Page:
Abandoned Pets: The Hard Truth


If you’re reading this blog, that means you’re a fan of Mister Migs, and that means you’re a dog lover. Therefore, you would probably never abandon a pet, because you know that it is cruel to leave behind an animal that loves you. But more than that, did you know that it is dangerous to the pet?

Many people imagine that the only damage done by abandonment is emotional, that while the pet may be lonely and sad, it will still survive and be able to make it on its own. This is why many well-meaning people might, when times are truly desperate, set their animal loose. They believe that it is kinder to the animal to let it take care of itself, since they can no longer care for it.

This is not kindness. It is a death sentence. Pets do NOT know how to take care of themselves when they are abandoned. An animal that has been domesticated its whole life, which comes from generations of domesticated parents and grandparents, does not have the “natural instinct” of a wild animal. People may cite feral cats or pariah dogs as examples that some pets do indeed make it on their own, but they’re not seeing the whole story. Firstly, these animals are the ones that survived; that’s a minority. Do you want to play the odds with YOUR pet? Secondly, feral cats are not simply pet cats that have been lost; they are cats who were born in the wild and have never been socialized. Some may be born from stray pet cats, but most come from generations of feral ancestors. As for “pariah dogs” and other stray dogs, these animals still ultimately rely on humans to survive. They feed on the scraps and garbage left by humans, or rely on handouts from begging. However, you should not count on this to help your dog survive if they are dumped; most will still die of cold/exposure, disease, poor diet, or simply not getting enough to eat. They may even be killed by another dog, or picked up by animal control and euthanized.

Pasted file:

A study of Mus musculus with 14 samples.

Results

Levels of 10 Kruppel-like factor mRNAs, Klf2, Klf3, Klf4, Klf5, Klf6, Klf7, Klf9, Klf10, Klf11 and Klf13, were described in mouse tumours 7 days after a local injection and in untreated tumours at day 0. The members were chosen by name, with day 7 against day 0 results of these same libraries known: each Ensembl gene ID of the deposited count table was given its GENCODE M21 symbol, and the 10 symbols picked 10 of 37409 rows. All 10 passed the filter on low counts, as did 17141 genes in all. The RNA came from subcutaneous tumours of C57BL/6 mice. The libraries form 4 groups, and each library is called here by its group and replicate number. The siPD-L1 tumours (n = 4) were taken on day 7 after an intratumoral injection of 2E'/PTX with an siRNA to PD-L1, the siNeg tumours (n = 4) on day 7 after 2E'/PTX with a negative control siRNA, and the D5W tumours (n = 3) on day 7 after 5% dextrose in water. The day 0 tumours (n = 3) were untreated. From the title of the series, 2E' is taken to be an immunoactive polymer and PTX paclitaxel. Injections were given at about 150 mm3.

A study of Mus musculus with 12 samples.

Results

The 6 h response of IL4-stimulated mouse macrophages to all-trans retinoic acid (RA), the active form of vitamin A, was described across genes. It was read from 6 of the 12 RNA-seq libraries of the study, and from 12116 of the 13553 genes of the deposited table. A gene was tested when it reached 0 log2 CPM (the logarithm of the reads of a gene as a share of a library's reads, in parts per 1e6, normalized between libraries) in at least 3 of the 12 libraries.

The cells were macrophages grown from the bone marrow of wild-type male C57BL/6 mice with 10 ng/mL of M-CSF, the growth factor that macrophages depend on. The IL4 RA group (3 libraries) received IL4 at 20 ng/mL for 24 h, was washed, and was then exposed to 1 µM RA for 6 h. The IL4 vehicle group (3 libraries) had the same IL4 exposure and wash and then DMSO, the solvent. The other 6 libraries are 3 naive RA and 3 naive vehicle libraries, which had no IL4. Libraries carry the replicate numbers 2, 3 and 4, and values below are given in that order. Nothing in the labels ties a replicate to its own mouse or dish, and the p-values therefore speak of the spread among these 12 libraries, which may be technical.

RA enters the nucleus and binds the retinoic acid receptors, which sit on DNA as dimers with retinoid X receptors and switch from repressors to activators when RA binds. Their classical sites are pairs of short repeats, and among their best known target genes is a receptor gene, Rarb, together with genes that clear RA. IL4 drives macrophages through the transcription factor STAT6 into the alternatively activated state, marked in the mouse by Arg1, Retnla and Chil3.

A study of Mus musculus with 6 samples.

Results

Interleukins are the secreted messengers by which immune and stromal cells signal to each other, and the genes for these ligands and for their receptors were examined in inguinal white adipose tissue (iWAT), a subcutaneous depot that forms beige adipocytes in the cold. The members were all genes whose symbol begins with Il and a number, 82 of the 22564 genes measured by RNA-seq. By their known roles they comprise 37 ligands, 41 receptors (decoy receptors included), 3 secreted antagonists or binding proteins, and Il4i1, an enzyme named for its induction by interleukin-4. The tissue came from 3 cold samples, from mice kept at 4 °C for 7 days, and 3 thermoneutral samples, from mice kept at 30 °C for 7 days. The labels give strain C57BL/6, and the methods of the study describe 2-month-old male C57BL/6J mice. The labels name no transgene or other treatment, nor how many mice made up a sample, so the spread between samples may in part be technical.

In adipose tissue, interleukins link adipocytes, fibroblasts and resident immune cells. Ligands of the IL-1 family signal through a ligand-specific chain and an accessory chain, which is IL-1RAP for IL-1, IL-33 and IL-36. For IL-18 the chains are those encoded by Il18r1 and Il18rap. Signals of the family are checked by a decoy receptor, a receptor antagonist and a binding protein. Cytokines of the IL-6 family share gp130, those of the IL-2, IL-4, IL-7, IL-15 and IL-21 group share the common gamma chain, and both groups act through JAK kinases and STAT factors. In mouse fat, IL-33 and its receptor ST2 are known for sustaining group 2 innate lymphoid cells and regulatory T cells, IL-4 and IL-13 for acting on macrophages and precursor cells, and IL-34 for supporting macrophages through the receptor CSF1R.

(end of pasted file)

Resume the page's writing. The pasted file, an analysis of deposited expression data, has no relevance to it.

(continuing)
I’ve heard of people setting small animals like hamsters and rats loose, under the similar belief that such creatures have natural instincts that will help them survive in nature. This is not true either; a domesticated rodent is no better equipped to live in the wild than a domestic cat or dog. They will likely starve or be picked off swiftly by a predator. Likewise, as romantic an image as wild horses might be, a domestic horse will not fare well if left on its own either; most abandoned horses are found in horrible health, or worse. Most reptiles, like iguanas and other big lizards, need special conditions to survive in a cage (a heat lamp, controlled temperatures, exotic diets, etc.) and won’t survive in the American outdoors either. A snake might…but exotic snake breeds can wreak havoc on the American ecosystems! Invasive populations of boas and pythons are already a big problem in Florida from pets that escaped or were turned loose, and there seems to be no stopping them! Scary!

So please, pet-lovers, tell your friends, no matter what happens in their lives, never set a dog or any other domestic animal loose! They are NOT able to fend for themselves in the wild! That's why they're domesticated, not wild or feral. This goes for dogs, cats, horses, small pets like hamsters and rats, etc. It won’t just break their pet’s heart---it might just kill them.